People gather at the entrance to Istanbul's Ataturk airport in the early-morning hours of June 29, 2016, after suicide bombers struck in the terminal, killing dozens of people and wounding many others.

People gather at the entrance to Istanbul's Ataturk airport in the early-morning hours of June 29, 2016, after suicide bombers struck in the terminal, killing dozens of people and wounding many others.

Condolences and condemnations of terrorism are pouring in from around the world in the aftermath of the deadly attack on the airport in Istanbul, Turkey.

The White House quickly condemned what it called a "heinous terrorist attack" at Istanbul's Ataturk airport Tuesday.

Presumptive Republican U.S. presidential nominee Donald Trump said the assault was "so sad." Insisting in a tweet: "We must do everything possible to keep this horrible terrorism outside the United States." Trump has called for a ban on all Muslims coming to the United States, but more recently has scaled back his proposal to those coming from countries wracked with terrorism.

Democratic presidential candidate Hillary Clinton expressed sympathy for the Turkish people and called for the U.S. to "deepen" its "cooperation" with allies in the Middle East and Europe to take on the threat of terrorism. "Today's attack in Istanbul only strengthens our resolve to defeat the forces of terrorism and radical jihadism around the world. And it reminds us that the United States cannot retreat," she said in a statement.

Forensic experts work outside Turkey's largest airport, Istanbul Ataturk, following a blast in Turkey, June 28, 2016.

Forensic experts work outside Turkey's largest airport, Istanbul Ataturk, following a blast in Turkey, June 28, 2016.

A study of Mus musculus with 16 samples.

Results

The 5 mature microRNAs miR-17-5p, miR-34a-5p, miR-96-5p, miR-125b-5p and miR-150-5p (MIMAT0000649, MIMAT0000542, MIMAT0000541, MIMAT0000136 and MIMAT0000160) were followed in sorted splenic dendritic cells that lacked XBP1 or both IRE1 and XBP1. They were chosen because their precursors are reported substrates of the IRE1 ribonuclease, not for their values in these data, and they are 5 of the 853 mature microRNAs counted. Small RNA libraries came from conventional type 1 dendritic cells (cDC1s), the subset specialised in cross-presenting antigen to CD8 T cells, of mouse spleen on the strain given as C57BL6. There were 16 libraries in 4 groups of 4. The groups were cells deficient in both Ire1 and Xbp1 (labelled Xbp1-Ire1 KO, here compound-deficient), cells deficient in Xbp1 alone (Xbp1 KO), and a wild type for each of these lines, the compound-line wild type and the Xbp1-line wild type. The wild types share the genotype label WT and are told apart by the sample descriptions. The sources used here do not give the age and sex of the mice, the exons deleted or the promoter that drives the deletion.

U.N. Secretary-General Ban Ki-moon also called for stepped-up cooperation in the fight against terrorism. The U.N. chief "stands firmly by Turkey as it confronts this threat and stresses the need to intensify regional and international efforts to combat terrorism and violent extremism," his spokesman said in a statement.

European Union leaders expressed their solidarity with Turkey.

"I want to say to all of the Turkish people that we consider ourselves united with them in the fight against terror," German Chancellor Angela Merkel said.

French President Francois Hollande said, "As I unfortunately did before in other circumstances also about Turkey, I also want to strongly condemn the attack and make sure we can know exactly who the perpetrators are so that, together, we can do anything possible to do to fight against terrorism, especially in this region."

Belgian Prime Minister Charles Michel tweeted from a closed-door meeting in Brussels, "Despicable terror attack. Stand together with people of Turkey."

U.S. Secretary of State John Kerry said officials are still trying to figure out who attacked the airport and what exactly happened. "This is daily fare, and that's why I say the first challenge we need to face is countering nonstate, violent actors," he said.

Istanbul's Ataturk airport was the 11th-busiest airport in the world last year, with 61.8 million passengers, according to Airports Council International. It is also one of the fastest-growing airports in the world, seeing 9.2 percent more passengers last year than in 2014.